Nadia Malik is a Design Lecturer on the Costume with Textiles BA (Hons) degree at the University of Huddersfield, Reviews Editor (Exhibitions and Events) for the journal Studies in Costume and Performance and a PhD candidate. She has an MA in Costume Design for Performance from London College of Fashion (University of the Arts London), a BA in Textile Design (Nottingham Trent University) and is a Fellow of the Higher Education Academy, UK.
Nadia’s costume design work has encompassed new and classic writing, opera, folk and contemporary dance, musicals, experimental site-specific devised work and live art, including international festivals. With a collaborative approach to performance devising, her work explores the human body, movement, and how costume-led design practice can engage audiences with performance.
Nadia has presented costume work in group exhibitions (for example Make: Believe, Society of British Theatre Designers, 2015), co-produced Revolutions in Costume at the V&A (2012) and produced and co-curated Costume and Fashion in Context and Practice, a two day symposium and exhibition at the University of Huddersfield (2016). She has lectured in costume at various universities including the University of the Arts London, the Royal Academy of Dance and Royal Central School of Speech and Drama.
The Pedagogy of Costume Design: an investigation into past, present and future practice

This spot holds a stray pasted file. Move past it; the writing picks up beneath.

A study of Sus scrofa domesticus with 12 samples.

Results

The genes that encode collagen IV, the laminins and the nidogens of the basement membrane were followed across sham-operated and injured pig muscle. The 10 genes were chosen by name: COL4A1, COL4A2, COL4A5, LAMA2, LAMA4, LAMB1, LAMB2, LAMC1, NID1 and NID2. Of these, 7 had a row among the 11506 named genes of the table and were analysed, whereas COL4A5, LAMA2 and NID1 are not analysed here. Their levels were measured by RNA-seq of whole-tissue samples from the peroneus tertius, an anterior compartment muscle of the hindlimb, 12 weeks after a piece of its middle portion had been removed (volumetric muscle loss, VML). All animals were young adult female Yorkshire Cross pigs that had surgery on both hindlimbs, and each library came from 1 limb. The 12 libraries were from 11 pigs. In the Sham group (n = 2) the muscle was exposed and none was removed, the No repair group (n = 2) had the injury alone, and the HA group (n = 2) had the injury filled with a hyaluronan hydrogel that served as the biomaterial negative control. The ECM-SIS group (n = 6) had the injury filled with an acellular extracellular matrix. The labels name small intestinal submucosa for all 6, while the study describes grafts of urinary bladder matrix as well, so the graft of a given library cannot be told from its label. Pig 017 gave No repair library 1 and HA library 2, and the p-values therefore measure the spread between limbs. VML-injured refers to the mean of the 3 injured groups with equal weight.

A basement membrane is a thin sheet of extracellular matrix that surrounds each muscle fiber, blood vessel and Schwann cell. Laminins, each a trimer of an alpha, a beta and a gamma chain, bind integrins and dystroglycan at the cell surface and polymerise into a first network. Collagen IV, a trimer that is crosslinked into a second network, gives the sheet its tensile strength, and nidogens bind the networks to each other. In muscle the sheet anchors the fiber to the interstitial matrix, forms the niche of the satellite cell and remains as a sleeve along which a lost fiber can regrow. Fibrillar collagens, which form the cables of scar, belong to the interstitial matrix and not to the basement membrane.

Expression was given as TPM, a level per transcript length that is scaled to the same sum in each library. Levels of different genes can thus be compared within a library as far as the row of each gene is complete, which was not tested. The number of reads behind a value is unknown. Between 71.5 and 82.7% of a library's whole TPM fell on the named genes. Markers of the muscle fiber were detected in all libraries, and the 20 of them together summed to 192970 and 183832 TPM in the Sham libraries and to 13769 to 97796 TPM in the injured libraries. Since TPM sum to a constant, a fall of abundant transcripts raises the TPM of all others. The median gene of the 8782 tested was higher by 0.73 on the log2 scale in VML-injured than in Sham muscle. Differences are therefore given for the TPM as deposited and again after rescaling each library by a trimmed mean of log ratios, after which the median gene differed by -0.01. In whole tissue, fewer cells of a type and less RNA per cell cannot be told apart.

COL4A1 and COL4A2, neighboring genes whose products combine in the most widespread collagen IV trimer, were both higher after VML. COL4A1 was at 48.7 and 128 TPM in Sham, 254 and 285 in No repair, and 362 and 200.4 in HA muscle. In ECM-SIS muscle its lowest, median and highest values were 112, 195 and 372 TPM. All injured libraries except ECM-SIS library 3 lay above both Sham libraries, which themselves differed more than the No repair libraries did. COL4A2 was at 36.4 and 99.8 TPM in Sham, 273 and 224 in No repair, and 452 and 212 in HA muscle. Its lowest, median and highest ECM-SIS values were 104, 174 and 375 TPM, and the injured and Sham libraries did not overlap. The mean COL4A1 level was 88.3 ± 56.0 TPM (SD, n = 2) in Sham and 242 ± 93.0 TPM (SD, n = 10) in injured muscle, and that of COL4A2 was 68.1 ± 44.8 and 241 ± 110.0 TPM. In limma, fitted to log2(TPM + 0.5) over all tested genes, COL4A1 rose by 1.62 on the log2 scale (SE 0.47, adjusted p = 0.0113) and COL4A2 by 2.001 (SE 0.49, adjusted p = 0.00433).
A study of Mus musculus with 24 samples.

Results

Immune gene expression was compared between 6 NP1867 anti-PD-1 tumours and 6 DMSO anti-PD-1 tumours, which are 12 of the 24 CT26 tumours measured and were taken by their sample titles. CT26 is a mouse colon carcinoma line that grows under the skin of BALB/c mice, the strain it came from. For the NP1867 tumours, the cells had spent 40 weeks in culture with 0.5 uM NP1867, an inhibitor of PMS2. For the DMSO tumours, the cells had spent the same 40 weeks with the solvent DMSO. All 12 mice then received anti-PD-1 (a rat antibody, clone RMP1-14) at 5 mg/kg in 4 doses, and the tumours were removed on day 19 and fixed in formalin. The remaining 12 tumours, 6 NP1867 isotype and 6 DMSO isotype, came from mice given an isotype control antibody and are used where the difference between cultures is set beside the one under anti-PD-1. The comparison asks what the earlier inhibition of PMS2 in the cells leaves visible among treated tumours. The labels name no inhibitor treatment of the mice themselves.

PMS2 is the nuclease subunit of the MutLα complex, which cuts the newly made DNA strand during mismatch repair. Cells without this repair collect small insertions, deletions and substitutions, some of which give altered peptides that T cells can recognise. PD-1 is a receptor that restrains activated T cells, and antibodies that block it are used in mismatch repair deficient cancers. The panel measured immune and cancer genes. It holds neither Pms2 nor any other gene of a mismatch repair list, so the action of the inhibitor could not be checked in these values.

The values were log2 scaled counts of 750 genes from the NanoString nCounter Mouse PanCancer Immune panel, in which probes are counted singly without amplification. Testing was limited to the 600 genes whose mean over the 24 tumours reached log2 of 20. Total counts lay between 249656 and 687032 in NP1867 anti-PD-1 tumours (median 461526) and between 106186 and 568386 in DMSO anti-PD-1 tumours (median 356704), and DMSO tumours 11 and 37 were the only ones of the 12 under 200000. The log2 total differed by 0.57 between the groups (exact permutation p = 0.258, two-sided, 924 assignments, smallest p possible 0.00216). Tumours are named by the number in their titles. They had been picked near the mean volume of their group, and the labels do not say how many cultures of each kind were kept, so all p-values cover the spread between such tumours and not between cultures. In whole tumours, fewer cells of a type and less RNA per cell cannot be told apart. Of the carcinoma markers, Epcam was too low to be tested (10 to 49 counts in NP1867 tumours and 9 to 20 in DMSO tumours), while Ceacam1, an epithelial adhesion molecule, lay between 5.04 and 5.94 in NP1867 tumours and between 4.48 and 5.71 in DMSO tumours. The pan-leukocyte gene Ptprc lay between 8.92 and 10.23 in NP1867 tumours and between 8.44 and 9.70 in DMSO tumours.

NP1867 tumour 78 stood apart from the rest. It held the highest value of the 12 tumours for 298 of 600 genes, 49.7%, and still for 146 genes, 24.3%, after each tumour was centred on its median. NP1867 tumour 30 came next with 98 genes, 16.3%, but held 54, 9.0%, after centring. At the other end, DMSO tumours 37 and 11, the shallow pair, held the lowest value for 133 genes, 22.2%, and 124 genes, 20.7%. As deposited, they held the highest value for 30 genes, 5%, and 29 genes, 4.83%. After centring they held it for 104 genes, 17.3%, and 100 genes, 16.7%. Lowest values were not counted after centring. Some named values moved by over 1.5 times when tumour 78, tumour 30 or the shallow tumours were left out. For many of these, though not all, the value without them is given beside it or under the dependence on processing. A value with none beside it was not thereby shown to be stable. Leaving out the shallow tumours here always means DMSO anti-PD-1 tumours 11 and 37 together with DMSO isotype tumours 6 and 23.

This proposal calls for an investigation into the theory and practice of education in costume design. In locating and tracking its history and emergence as a distinct practice, a comprehensive collection of information regarding the evolution of costume teaching aims to establish and recognise this practice as a valuable and significant part of the wider field of costume inquiry, itself presently considered to be in its nascent stage. Alongside the historical grounding, a global overview of current costume design teaching practices, supported by case studies, aims to determine and establish signature pedagogies for costume design within the wider framework of art & design pedagogy. This research therefore includes design practice and teaching practice project work, cyclically analysed and applied to personal teaching methods, in order to cross-inform both and raise the profile of costume in general in industry and academia through personal and graduate working practices. Recent changes in UK schools education policy together with government intended reforms to UK Higher Education in general (for example, the 2014 new schools curriculum changes and the 2015 proposed implementation of the TEF, Teaching Excellence Framework) demonstrate a diminishing focus on and regard for the value of arts education by the UK government and it is the intention of this thesis to monitor the implication of these policy changes and how they could affect costume pedagogy into the future. In essence, this thesis aims to cover the genesis, current practices and future potentials of costume design education. By pointing to its value in the performance industry and its worth as an academic field, the purpose is to determine how to render the overall subject of costume more visible and valued in both academia and the performance industry in a climate of instability for arts education policy.